Restroom Alert Blog - Customers Being Used to Discover Dirty Restrooms

Is Your Customer a Canary, or a Goose?

September 1, 2012 • Restroom Management

CanaryShould your customers be used as the first line of defense against dirty restrooms?

Coal mines of the last century often lacked adequate ventilation systems, so miners would routinely bring a caged canary into the mine with them. Canaries are especially sensitive to dangerous gases, and as long as the bird kept singing, the miners knew their air supply was safe. A dead canary was the signal for an immediate evacuation.

In researching restroom inspection policies at chain stores and fast food franchises, I routinely asked clerks, waitresses, and hosts how often they were expected to check their public restrooms. Most would acknowledge that management had a “restroom check” policy in place that required the restroom to be routinely checked, whether it was every hour, two hours, twice per shift, etc.

What was amazing to me was that most of these employees would pause before ending their answer with the sheepish confession, “We really don’t check them… our customers usually will tell us if our restrooms need attention.”

Ray Kroc, founder of McDonalds and the man who coined the phrase “If you have time to lean, you have time to clean”, would turn over in his grave in if he heard that unbelievable answer. After all, this is 2012 and the concept of companies “caring about their customers” and treating them with respect should be well understood by now.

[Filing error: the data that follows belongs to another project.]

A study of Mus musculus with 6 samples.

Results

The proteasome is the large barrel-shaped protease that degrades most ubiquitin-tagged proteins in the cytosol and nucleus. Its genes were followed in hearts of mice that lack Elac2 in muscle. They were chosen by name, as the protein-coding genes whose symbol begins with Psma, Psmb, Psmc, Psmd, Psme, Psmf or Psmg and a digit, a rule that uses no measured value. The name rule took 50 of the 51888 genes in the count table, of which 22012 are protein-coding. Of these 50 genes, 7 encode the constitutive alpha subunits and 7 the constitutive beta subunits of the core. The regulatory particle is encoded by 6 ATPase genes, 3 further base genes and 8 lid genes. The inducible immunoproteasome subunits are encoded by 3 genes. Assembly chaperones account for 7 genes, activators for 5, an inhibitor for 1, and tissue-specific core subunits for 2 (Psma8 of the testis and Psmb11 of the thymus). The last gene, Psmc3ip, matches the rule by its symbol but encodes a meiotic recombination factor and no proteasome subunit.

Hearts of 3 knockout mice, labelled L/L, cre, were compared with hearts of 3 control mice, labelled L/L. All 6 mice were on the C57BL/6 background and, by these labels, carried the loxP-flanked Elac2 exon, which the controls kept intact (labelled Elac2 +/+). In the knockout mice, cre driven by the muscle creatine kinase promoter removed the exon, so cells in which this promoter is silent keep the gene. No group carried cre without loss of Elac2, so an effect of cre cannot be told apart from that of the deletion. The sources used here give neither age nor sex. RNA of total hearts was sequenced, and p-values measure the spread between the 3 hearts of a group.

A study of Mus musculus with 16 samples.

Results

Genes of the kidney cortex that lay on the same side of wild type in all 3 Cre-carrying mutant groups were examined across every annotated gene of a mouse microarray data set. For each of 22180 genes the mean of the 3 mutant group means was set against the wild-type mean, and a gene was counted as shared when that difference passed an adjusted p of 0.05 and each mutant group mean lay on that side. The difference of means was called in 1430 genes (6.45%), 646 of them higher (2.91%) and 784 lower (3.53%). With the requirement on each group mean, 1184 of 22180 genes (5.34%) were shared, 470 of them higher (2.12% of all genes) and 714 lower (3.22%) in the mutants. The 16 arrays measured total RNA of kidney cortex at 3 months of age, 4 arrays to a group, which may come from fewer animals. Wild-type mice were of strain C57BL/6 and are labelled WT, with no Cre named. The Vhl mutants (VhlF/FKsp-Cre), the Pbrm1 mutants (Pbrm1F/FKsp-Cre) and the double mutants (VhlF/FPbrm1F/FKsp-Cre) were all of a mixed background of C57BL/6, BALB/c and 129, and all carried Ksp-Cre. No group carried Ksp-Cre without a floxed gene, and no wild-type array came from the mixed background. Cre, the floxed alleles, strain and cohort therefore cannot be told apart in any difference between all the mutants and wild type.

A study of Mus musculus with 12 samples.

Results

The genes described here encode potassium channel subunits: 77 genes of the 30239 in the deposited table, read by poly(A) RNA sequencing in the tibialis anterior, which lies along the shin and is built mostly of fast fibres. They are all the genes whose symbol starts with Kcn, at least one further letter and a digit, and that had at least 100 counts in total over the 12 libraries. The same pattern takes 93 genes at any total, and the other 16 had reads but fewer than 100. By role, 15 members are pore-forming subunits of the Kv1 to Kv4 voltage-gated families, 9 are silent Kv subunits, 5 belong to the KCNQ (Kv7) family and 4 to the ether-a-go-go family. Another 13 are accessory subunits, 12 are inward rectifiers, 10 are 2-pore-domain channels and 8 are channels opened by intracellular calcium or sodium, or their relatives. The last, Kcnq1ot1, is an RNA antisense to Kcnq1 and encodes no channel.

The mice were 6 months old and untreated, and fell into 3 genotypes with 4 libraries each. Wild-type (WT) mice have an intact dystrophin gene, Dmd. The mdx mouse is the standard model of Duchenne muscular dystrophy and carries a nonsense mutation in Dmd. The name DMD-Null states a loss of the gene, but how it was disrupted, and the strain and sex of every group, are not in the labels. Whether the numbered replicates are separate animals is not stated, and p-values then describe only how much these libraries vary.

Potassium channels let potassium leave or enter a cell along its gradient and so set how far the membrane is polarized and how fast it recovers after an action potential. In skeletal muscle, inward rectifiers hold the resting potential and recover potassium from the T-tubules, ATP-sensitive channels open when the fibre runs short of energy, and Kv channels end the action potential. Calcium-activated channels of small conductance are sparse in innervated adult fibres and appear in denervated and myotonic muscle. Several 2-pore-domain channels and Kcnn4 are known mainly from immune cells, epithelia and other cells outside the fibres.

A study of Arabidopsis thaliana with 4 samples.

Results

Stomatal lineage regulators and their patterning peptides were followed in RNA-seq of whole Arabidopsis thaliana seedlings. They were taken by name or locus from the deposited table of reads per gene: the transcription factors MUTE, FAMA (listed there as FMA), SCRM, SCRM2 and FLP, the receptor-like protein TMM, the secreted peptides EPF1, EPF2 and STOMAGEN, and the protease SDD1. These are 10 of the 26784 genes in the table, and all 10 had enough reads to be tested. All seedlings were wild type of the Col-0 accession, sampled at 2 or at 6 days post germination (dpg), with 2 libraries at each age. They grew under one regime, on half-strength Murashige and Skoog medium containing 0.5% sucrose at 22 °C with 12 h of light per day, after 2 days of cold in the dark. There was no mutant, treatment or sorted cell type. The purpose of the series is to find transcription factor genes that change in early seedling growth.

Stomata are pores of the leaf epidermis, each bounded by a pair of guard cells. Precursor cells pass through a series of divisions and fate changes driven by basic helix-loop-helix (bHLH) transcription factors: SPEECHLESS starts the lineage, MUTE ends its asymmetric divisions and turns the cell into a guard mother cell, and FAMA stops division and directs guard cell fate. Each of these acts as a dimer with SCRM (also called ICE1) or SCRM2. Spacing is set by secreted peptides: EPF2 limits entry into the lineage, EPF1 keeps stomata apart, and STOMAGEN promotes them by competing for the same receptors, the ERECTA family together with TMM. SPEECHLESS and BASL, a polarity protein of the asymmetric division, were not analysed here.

What these naïve young workers are saying, without even realizing it, is that they are willing to subject a paying customer to a bad restroom experience as part of their “automated inspection process”. In essence, once they talk with a proverbial dead canary, it must be time to take action and service the restroom.

What they don’t stop to consider is just how many customers are having a bad experience. It may take ten unhappy customers before one bothers to interrupt a busy a clerk or chase down an on-site manager.

What’s worse, is that the clerk the customer is complaining to is probably the same person responsible for keeping the restroom clean and well-stocked in the first place. Many of these customer complaints may not even be reported to managers, much less franchise owners or corporate headquarters.

The challenge for these businesses is in teaching employees just how important it is for them to protect each and every customer relationship by being proactive in maintaining clean, well-stocked and fully functional restrooms. Perhaps customers should be valued like the fabled “Golden Goose” and not treated as an expendable canary in a coal mine.

What are your thoughts? Can the restroom monitoring process be managed with the right metrics, incentives, and training?